Elvis Black and his friend Brian Crosby were preparing for the Phantom Bass tournament on the Waccamaw River in Conway, South Carolina when they found a beached porpoise and came to his rescue. The porpoise was stuck in the mud along the riverbank and not moving so the friends took their boat over to see if the dolphin was still alive and thankfully he was still breathing.
“The dolphin was kinda buried in the mud with his face in a wallowed out hole,” Black wrote on Facebook. So he jumped out of the boat and slowly walked through the thick mud to free him. It took a few tugs and rolling him over, but Black finally managed to get the porpoise back into the water. Once the porpoise was back in deeper water he went on his way. Black said, “He swam off so hopefully he wasn’t to weak and lived!”
As they watched the animal swim off they gave each other a high five and proclaimed “Score ‘one’ for the good guys.”
Black later shared the video of their rescue and wrote, “Brian Crosby and I have been fishing 30+ years together and this was a first for us! The dolphin was a long ways from salt water! Let’s hope the fishing God’s reward us with 5 big bass tomorrow for helping Flipper back in the water!”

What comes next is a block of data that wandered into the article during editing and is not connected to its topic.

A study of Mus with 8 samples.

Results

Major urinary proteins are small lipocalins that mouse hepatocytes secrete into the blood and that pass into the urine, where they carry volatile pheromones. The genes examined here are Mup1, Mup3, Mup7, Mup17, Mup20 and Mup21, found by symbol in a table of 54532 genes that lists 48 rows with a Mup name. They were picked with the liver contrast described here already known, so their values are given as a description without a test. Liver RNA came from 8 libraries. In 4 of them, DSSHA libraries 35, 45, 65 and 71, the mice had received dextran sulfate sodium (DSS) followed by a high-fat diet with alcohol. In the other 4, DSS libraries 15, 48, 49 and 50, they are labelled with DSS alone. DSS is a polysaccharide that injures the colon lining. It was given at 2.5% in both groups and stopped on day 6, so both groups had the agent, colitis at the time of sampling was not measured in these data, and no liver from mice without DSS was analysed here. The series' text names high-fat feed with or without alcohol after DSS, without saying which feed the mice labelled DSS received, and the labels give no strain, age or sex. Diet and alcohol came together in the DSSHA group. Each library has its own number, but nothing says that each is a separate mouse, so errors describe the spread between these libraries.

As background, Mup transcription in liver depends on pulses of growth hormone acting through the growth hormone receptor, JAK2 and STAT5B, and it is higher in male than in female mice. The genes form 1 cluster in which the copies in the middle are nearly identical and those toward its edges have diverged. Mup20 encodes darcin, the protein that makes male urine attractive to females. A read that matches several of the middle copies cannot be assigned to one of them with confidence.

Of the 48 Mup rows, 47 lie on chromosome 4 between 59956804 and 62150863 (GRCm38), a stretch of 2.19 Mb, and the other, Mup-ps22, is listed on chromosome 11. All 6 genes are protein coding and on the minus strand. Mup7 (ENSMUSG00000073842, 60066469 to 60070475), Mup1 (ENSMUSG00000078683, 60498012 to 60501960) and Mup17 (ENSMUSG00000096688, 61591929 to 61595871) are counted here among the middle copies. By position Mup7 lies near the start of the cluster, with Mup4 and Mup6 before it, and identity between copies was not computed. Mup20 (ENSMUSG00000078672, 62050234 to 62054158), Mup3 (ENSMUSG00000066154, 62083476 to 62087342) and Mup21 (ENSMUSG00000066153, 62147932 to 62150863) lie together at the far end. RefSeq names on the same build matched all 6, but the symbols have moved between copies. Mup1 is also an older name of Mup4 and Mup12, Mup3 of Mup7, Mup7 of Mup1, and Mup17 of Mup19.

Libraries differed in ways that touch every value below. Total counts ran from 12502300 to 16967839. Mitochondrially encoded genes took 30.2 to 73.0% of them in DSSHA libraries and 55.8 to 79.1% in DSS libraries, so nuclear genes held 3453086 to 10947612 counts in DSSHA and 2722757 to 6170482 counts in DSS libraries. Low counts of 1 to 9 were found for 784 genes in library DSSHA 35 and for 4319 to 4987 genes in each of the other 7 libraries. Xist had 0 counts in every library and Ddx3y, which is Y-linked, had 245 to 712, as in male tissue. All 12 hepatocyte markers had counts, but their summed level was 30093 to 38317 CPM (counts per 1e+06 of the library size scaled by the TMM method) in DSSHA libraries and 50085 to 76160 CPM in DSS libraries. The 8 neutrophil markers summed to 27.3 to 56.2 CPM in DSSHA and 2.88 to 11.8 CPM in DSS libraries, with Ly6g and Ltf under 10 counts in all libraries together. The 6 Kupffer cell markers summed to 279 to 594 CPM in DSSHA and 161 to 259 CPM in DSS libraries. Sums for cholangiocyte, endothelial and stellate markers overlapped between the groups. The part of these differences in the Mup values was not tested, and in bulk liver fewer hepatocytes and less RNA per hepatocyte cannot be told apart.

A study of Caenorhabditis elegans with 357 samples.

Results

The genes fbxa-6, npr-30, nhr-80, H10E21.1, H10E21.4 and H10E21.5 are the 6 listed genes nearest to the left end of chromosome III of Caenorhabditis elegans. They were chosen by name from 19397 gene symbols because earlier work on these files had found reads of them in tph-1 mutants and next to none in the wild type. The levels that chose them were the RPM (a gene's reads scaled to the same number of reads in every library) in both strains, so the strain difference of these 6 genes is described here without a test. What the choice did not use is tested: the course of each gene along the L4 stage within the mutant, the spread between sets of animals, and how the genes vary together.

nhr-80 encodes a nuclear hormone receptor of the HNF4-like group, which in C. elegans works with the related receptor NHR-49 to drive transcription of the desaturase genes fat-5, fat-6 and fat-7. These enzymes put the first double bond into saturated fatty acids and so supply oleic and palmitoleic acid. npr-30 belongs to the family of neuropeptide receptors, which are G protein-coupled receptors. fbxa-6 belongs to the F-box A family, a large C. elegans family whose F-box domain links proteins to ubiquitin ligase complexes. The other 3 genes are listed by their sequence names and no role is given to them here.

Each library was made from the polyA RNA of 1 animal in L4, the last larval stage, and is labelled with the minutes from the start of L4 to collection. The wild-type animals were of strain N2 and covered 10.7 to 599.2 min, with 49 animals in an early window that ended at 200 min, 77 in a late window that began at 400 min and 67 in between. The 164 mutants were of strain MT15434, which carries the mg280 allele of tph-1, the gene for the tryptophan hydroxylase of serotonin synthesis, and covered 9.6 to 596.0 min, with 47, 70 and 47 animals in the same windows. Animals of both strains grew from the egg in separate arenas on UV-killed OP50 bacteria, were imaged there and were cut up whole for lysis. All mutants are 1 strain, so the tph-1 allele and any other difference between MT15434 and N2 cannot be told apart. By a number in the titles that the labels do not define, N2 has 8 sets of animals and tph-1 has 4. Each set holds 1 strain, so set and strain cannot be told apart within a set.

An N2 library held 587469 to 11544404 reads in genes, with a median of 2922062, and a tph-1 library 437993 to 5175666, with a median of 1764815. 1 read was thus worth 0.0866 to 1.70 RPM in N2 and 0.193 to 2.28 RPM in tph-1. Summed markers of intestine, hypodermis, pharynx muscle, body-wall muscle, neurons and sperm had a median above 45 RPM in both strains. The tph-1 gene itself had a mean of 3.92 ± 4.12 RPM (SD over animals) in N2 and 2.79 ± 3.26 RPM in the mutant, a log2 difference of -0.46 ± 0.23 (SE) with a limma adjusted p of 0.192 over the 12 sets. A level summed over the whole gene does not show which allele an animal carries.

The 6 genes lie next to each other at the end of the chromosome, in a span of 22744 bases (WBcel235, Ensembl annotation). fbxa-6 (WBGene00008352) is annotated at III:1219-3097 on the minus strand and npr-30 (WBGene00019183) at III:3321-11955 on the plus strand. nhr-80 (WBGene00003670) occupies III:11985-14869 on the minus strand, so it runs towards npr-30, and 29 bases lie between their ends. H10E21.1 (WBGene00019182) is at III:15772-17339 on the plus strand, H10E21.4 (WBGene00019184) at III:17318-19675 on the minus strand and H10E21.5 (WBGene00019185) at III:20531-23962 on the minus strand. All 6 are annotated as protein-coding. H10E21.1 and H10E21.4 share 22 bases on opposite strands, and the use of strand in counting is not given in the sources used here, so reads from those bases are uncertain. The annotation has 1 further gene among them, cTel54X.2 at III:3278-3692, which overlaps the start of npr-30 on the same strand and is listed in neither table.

Black and others identified the cetacean as a dolphin, not a porpoise as people often interchange the two. But dolphins and porpoises are different species. Dolphins tend to have prominent, elongated beaks and cone-shaped teeth, while porpoises have smaller rounded mouths and spade-shaped teeth with triangular dorsal fins.
South Carolina has a variety of dolphin and porpoises that are prevalent inshore and offshore. Atlantic bottlenose dolphins tend to be the most common with inshore dolphins living in bays, lagoons and estuaries. The offshore cetaceans often migrate north and south during the year to follow prey.
Black’s rescue of the dolphin reminds us of the rescue of a dolphin that also got stuck in the mud and whistled to a man for help.